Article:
Not a Single Reporter Will Follow Up on Eric Adams’ Vague Promise of Placing Purged Homeless in “Healthy Living Conditions”
A challenge to New York Media to, for once, hold electeds accountable for vague promises concerning alleged housing for the unhoused
At an AIPAC “real estate luncheon” yesterday—in front of a crowd of billionaires and multimillionaires—New York Mayor Eric Adams announced yet another crackdown on the city’s homeless population. Building off a similar plan to purge the unhoused seeking warmth in New York’s subway system, Adams laid out a new policy of “removing encampments” “within two weeks” throughout the city.
The announcement was met with great applause by the crowd of wealthy real estate developers, many of whom were among Eric Adams’ major backers. Adams raked in more campaign cash than any other 2021 candidate by a wide margin, doing particularly well among the city’s real estate interests, giving him a direct incentive to criminalize homelessness.
As laid out in my March 4 post detailing the various ways Democratic mayors pitch cruel anti-homeless policy to liberal voters and media, Adams couched his announcement in vague promises of alternative “healthy living conditions” that his administration will allegedly provide to those removed from public spaces. As I laid out in the piece, these warm and fuzzy promises are par for course when major homeless “clean ups” are announced by liberal mayors. What’s not par for course, and what almost never happens, is the media actually clarifying what these promises entail, what the timeline is on their implication, what a criteria for success looks like, and what percent of those removed from their current living conditions are actually housed in a clean and stable public housing options.
The available figures don’t tell a reassuring story. According to the Mayor's own data from his recent MTA purge, only 22 of the 1,000 removed from the subway system by the police over the relevant time frame were placed in alternative housing. For those counting, this is 2.2 percent, which may as well be zero percent.
Of course, Mayor Adams’ office has repeatedly framed the issue as one of unwillingness on the part of the unhoused to take what the city has to offer. Note the framing of the unhoused not “accepting shelter.” Homeless activists have laid out, in detail, why these options are difficult, if not impossible, for most unhoused people to accept. Shelters are more often than not less safe than the streets; they abide by strict abstinence-type standards, are places of abuse, don’t allow pets, divide families, and enforce a strict, dehumanizing regime of rules that are difficult for most housing insecure people to follow. But above all, shelters are not what the homeless actually need: they’re not stable, secure housing.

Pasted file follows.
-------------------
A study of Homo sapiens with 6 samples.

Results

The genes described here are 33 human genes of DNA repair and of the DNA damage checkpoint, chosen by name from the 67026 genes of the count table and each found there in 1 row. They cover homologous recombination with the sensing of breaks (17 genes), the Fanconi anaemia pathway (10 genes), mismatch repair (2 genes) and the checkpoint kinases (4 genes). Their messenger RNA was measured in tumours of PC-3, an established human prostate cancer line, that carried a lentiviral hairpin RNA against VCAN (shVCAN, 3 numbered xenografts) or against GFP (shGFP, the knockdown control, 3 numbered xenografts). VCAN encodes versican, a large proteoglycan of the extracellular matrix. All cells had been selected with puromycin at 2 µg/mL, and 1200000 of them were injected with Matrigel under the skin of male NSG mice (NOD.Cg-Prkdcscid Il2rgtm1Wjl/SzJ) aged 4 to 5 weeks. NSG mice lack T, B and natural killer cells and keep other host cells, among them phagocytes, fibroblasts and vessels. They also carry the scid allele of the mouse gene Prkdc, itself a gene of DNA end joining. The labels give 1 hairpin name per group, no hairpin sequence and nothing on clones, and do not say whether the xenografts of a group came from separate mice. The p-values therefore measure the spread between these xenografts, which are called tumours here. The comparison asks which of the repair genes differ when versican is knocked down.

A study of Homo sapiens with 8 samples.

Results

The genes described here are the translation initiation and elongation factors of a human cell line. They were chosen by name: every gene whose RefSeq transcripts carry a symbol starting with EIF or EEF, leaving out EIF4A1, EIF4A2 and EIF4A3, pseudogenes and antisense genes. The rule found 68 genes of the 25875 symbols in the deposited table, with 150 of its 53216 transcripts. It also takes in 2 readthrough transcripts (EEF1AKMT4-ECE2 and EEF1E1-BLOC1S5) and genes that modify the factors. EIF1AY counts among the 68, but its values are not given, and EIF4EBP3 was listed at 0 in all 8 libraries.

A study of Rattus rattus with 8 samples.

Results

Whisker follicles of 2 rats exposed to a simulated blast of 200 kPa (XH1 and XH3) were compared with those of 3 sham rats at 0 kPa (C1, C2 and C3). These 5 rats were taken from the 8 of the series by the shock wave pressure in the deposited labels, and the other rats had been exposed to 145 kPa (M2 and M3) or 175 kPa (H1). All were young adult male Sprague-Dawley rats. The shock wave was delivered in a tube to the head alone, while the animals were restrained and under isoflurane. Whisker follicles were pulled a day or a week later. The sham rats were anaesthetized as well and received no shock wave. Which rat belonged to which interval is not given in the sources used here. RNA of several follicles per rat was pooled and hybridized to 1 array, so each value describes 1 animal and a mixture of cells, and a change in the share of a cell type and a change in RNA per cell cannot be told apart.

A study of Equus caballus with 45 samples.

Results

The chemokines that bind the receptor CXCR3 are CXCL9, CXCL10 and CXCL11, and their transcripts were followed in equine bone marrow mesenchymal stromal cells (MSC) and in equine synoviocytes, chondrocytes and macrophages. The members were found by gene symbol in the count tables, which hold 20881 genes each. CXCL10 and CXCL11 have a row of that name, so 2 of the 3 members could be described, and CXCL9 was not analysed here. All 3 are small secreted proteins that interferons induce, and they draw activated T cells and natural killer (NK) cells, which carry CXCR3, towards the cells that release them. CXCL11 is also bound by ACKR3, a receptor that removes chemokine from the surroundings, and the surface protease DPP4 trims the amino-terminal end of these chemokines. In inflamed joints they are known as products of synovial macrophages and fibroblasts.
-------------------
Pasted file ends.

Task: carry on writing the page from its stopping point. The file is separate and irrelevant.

Adams’ knack for speaking in the vague language of progress when mapping out punitive anti-homeless policy crossed wires a bit during his speech, exposing, briefly, the absurdity of the double game at work. As The New York Times reported:
Mr. Adams acknowledged in the interview that the city could not force anyone to stay at a homeless shelter. “We can’t stop an individual from sleeping on the street based on law, and we’re not going to violate that law,” he said.
“But you can’t build a miniature house made out of cardboard on the streets. That’s inhumane.”
It’s not the state of the homeless person, or the fact that they’re outside during freezing temperatures, but the fact that they build shelter for themselves that’s “inhumane”? It’s inhumane to Adams and the real estate crowd he was speaking to, that they have to see evidence of entrenched poverty, and Adams is making it clear his task is getting it out of sight and out of mind.
So this post is both a prediction and a challenge to New York media: In six weeks, follow up on the mayor’s vague claim that the city will provide “healthy living conditions” to those the administration and NYPD remove from public spaces. What percent of those “cleaned up” from the streets received these living conditions? Where did they end up? How many were simply arrested and jailed? I predict that no one in New York media will actually do this and this rhetorical scam—where pro-police liberal mayors get to couch cruel policies in public health-ese by doing P.R.-driven box-checking about “social services,” “mental health,” and “healthy living conditions”—will continue right on schedule. These vague claims will never be followed up on, quantified, or verified by anyone, other than the activists and directly impacted people fighting these policies. The actual policy of simply displacing New York’s homeless population without providing sufficient and meaningful housing, and hoping to arrest and harass them from place to place until they leave city limits, will march on without any real pushback from any press outlets.